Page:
Rhythm games that involve cute, bubbly, anime-inspired characters are a major deal in Japan. The J-pop industry is one of the best, most popular in the Asian market, and these games capitalize on that. While western audiences have games like Guitar Hero and Rock Band, which play up to the all-American dream of being a rock star, the Japanese pop rhythm games give the player the fantasy of singing and dancing along to some incredibly infectious songs. The Hatsune Miku: Project DIVA series is a perfect example. With 10 installments, the series, created by Crypton Future and SEGA, has delighted gamers on multiple game systems since 2009, and the newest version, Hatsune Miku: Project DIVA X (the X is the Roman numeral for 10) continues that trend by highlighting past songs and sets, and adding so much more content.
Hatsune Miku: Project DIVA X is made up of various modes, including the Live Quest (think story mode) and free play. Live Quest tasks the player with teaming up with a small army of J-pop superstars to restore lost voltage to five various cloud — each cloud representing a style of music, like Cool, Quirky, Cute, etc. Each cloud has four songs that must be performed with a set amount of voltage (energy earned by hitting the notes correctly) to advance. Each cloud also ends with a mega medley of four songs, and hitting that last voltage requirement allows the player to choose the next cloud to unlock.
Along the way, the player and the in-game characters will unlock various costumes, styles, and accessories, and even furniture, toys, and trinkets that can be used as gifts, decorations to the various locations (which are also unlocked by playing), and the like. The various costumes also give the player bonuses if the aura of the outfit matches the aura of the cloud. As the story progresses, players can even create full-fledged concerts with up to three songs, and the player also controls who performs and even the venue used. There is a ton of content packed into the Live Quest game mode, and so much stuff to unlock. Costumes, modules, accessories, and even songs, all to personalize the gameplay experience.
Hatsune Miku: Project DIVA X has over 30 songs to play, and they are unlocked as you restore voltage to the five clouds. Completing the “story” mode doesn’t end the game, it really just gives the player all of the tools needed to really get into the meat of Hatsune Miku: Project DIVA X. Free Play mode gives the player unprecedented authority to create their own performance masterpieces, even allowing the creator to assign camera angles. Again, there is so much to do and see here. This is not just a rhythm game to be conquered and then forgotten. Like the infectious J-pop songs you are tasked to perform, the game gets into your brain and playing each song over and over to unlock everything becomes an obsession.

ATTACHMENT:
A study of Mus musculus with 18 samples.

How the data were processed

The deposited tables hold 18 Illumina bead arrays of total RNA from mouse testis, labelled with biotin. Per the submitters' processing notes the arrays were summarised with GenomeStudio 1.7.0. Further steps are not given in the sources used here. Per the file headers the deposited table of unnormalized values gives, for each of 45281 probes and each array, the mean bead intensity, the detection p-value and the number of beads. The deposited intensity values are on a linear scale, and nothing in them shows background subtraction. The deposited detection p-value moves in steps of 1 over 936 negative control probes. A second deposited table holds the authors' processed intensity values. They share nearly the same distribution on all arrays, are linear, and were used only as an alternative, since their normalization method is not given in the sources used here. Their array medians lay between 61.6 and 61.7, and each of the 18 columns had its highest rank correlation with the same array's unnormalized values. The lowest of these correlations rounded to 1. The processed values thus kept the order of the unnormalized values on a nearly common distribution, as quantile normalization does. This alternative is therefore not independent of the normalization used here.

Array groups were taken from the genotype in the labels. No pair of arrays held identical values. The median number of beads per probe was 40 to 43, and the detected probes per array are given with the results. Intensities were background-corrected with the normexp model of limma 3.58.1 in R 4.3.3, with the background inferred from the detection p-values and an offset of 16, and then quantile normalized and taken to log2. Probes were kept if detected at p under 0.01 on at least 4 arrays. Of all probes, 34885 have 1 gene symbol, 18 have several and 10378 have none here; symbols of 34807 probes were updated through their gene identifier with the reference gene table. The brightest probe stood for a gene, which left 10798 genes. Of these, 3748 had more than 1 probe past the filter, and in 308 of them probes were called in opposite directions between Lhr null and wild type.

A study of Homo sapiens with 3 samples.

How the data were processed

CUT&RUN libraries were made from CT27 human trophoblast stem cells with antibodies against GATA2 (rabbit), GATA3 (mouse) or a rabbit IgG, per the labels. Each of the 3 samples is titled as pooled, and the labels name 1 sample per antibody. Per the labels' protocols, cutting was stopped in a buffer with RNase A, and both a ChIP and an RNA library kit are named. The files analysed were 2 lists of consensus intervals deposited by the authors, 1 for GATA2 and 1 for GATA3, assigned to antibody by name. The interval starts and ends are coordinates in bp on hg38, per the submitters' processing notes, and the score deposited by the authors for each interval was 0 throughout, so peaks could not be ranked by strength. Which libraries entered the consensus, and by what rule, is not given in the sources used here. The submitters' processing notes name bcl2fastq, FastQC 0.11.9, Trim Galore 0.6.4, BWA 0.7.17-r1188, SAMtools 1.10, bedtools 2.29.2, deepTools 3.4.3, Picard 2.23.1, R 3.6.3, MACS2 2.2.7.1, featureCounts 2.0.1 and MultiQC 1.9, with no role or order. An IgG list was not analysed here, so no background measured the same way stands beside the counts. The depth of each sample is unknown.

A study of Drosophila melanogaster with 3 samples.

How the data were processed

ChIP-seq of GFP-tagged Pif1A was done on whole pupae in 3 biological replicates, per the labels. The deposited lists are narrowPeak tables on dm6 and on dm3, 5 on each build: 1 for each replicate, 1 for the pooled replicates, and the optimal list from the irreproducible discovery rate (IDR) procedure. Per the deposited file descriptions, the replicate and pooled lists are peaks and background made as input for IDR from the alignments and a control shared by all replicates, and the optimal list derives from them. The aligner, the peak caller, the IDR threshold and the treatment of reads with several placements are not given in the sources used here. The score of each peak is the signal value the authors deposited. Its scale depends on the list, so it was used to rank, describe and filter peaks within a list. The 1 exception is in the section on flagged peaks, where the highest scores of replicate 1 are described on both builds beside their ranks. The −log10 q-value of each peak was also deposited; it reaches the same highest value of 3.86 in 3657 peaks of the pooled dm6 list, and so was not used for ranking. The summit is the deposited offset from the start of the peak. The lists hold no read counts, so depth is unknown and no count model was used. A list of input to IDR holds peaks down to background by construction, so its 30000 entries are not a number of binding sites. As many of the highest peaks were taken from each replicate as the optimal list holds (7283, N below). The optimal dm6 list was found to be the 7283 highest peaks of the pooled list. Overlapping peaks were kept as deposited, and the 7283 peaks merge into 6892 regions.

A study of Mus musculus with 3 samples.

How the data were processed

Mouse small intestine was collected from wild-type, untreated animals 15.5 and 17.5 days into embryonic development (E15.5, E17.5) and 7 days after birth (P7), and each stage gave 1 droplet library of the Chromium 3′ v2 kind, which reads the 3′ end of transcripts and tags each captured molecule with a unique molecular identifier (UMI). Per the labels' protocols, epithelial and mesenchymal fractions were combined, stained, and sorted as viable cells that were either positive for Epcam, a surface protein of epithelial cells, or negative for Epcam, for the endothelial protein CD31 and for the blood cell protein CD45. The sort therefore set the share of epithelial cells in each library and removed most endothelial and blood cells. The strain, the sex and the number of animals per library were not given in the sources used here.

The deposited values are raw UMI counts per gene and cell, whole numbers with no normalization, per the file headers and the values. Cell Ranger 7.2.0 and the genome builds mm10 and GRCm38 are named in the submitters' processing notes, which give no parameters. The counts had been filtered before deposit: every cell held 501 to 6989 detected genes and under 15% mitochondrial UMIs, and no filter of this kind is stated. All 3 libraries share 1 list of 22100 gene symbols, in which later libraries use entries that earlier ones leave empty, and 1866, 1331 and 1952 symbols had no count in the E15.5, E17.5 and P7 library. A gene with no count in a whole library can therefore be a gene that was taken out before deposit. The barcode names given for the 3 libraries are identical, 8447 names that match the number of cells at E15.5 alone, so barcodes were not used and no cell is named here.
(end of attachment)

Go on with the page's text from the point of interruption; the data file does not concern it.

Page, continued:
Hatsune Miku: Project DIVA X is not all cutesy J-pop fun, though. It’s hard. The note/button icons on the screen are sometimes hard to make out against the gorgeous, eye-popping Hi-Def, 1080p/60fps graphics of the characters singing and dancing on stage. Missing notes, or rating them as “bad” happens often, due purely to the epileptic orgasm of what is happening on-screen. Also, there are two difficulties to start out with, easy and normal, but if you hate your life, others open up. Easy mode is incredibly simple, with one note every seven beats or so. But the next step up to normal unleashes a form of eye-ball drying hell that is reserved for rubberneckers at spectacular car crashes on busy major metropolitan roadways. Things get so chaotic that one miss can ruin an entire song, as it’s difficult to get back into rhythm. At least it was for me. And that was just normal. Higher difficulties are reserved for the very skilled, and slightly insane players, who enjoy making their eyes bleed to cute J-Pop songs.
Hatsune Miku: Project DIVA X is a content-filled, visually appealing game that gets into your brain and doesn’t let go. There is so much to unlock and so many songs to master, that even the difficulty of the “normal” level won’t turn you away, and if fact, will bring you back early and often for more fun/punishment. This is a rhythm game that lives up to the genre and the beat will all but force you to play “one more song” until there are no more songs to unlock and there is also DLC support for post-game goodness. And then, the real fun begins.
Hatsune Miku: Project DIVA X is available for thePlayStation 4 and PS Vita, with cross-save abilities across both systems. This review is based off a PS4 review code provided by SEGA.